IRS Letter 1862: How to Respond to an IRS Letter 1862
IRS Letter 1862 is a letter issued by an IRS tax examiner to a taxpayer after the examiner has prepared a substitute for return (SFR) for that taxpayer to calculate their balance due for the year based on information submitted to the IRS by others on documents such as Form W-2, Form 1099, Schedule K-1, etc.
This letter serves as the tax examiner’s initial contact with the taxpayer as well as a 30-day letter, giving the taxpayer 30 days to respond to the information shared in the letter.
The Letter 1862 typically begins with language like, “We have no record of receiving your Form 1040, U.S. Individual Income Tax Return, for the tax periods shown above.”
Along with the Letter 1862, the tax examiner will include Form 4549 (Report of Income Tax Examination Changes) to explain to the taxpayer how they calculated the taxpayer’s balance due for the year before penalties and interest.
The Letter 1862 may also include a delinquency penalty explanation page, explaining how it has calculated any failure-to-file and failure-to-pay penalties it intends to assess against the taxpayer.
Why Did I Receive IRS Letter 1862?
You received IRS Letter 1862 because you did not file a tax return for a particular tax year, and because the IRS believes that you have a filing requirement for that year, it prepared a substitute tax return for you known as an SFR.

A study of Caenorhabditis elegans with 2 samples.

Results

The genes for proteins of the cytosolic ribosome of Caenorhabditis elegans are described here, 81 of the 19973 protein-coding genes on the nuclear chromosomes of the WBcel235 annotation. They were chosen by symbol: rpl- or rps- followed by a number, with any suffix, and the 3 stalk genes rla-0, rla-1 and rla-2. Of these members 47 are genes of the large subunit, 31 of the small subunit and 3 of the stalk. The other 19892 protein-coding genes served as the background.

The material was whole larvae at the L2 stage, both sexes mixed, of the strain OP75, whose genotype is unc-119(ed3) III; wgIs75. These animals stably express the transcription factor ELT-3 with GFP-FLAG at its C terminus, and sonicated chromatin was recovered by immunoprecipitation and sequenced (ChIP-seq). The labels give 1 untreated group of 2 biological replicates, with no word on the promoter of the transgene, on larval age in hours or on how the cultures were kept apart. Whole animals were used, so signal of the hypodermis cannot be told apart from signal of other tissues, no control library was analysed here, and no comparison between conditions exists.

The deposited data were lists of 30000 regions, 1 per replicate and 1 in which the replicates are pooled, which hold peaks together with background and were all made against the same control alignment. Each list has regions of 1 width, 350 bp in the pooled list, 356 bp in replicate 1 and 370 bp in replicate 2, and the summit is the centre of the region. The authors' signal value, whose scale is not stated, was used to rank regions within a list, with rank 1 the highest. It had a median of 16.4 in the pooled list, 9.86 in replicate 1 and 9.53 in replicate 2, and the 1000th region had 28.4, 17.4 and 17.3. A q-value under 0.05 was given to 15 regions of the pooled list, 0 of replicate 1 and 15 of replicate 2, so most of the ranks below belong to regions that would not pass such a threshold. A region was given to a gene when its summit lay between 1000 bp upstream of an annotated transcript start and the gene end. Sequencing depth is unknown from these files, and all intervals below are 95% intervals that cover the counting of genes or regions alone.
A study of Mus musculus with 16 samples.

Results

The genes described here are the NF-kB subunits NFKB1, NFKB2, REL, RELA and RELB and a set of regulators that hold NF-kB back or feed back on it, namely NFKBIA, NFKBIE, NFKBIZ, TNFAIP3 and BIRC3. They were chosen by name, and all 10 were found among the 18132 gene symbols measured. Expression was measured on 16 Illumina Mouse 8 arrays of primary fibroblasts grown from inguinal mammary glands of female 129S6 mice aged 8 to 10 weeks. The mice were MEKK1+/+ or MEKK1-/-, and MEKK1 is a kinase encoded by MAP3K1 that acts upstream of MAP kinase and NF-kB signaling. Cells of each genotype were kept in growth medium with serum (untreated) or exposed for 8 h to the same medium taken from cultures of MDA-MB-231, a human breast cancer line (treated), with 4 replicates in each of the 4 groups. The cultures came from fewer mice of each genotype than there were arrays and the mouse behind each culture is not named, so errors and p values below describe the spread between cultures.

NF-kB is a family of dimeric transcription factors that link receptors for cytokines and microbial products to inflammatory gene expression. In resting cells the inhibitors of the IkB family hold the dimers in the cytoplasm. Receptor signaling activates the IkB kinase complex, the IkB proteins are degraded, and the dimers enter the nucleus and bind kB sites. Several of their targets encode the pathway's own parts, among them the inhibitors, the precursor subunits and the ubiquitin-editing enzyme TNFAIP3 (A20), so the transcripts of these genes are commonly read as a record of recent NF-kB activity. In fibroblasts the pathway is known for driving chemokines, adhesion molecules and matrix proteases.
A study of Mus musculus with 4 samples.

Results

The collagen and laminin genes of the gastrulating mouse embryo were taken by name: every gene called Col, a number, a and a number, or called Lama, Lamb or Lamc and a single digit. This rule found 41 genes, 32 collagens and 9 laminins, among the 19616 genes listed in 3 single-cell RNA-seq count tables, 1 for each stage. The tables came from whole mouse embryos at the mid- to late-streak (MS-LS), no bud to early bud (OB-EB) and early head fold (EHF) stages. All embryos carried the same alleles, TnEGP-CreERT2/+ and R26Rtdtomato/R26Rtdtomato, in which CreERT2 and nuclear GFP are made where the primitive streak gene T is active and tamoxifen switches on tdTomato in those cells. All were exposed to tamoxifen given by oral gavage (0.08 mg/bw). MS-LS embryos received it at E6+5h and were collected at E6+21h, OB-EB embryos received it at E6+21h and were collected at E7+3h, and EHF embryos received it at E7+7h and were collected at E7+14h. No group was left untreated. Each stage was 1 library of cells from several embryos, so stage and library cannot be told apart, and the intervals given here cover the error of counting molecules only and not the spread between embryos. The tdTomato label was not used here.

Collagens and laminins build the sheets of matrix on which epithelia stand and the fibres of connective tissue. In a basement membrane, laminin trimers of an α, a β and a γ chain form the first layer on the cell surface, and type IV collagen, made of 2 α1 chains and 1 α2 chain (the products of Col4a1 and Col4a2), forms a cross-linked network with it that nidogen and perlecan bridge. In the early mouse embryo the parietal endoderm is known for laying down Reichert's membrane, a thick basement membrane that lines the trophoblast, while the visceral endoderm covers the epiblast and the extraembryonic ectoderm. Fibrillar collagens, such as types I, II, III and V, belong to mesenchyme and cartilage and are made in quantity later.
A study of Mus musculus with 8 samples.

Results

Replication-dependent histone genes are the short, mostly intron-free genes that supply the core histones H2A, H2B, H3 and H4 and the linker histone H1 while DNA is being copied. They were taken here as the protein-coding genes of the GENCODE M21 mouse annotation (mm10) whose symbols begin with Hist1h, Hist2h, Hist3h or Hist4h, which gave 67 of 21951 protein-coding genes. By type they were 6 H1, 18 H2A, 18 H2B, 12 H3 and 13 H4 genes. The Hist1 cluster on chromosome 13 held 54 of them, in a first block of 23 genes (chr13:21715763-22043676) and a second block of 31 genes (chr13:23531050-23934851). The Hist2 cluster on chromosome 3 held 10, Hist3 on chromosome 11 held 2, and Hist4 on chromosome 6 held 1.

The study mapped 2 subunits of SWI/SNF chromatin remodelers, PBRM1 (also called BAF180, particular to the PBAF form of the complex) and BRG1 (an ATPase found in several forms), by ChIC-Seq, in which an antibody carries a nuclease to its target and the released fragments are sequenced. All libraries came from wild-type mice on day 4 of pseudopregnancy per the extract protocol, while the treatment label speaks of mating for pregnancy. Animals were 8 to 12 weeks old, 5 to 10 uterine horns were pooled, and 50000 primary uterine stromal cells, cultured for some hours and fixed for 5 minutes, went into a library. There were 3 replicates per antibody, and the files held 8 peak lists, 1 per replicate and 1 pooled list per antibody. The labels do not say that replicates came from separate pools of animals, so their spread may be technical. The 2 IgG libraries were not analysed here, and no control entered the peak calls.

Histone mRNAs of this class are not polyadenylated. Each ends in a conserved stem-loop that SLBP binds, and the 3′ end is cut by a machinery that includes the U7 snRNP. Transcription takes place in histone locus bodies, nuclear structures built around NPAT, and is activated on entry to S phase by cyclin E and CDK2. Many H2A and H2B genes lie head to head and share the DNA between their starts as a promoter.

What If You Don’t Respond to IRS Letter 1862?
If not responded to within 30 days, the tax examiner will typically send IRS Letter 3219, which is the standard 90-day letter of Statutory Notice of Deficiency for proposed SFR assessments for SFRs not generated by the ASFR Program.
Note that if your SFR was prepare by the IRS Automated Substitute for Return (ASFR) Program rather than manually by a tax examiner, the equivalent 30-day letter is the Letter 2566.
When Does the IRS Send Letter 1862?
The IRS generally doesn’t prepare an SFR and send Letter 1862 for at least a couple years after the should-have-been-filed tax returns’ due date.
For example, in a recent client case where the client received IRS Letter 1862 for their 2020 tax return — which was due in 2021 — the IRS sent the Letter 1862 in April 2023 (about two years after the return was originally due).
You can learn more about this client’s case and how we approach it later in this article.
IRS Letter 1862 At a Glance
|Initial Contact and 30-Day Letter
|IRS Tax Examiner
|File Original Return to Replace SFR
How We’ve Helped Our Clients With IRS Letter 1862
Our Client’s Problem
Behind the Letter 1862 the IRS tax examiner sent our client, they also included Form 4549 showing their SFR calculations.
As you can see on the Form 4549 behind the Letter 1862, the client had the following items of income:
- Gambling Winnings: $114,233
- Unemployment Compensation: $5,014
- Wages, Tips and Other Compensation: $152,275
In addition to this income, the IRS gave the taxpayer the standard deduction.
Based on this information, the IRS calculated a tax due for the year of $65,435.
What We Did to Help Our Client
The first thing we did was prepare original returns to replace the SFR the client. This result in immediate savings since:
- The client had gambling losses in excess of their gambling winnings, which we were able to take as an itemized deduction of $114,233 (rather than the measly standard deduction).
- We filed as married filing jointly, which created tax savings.
This significantly reduced the client’s balance.
However, they still could not pay the balance in full, so rather than allowing the IRS to subject them to wage garnishments and bank levies, we negotiated a workable installment agreement on behalf of the client over several years.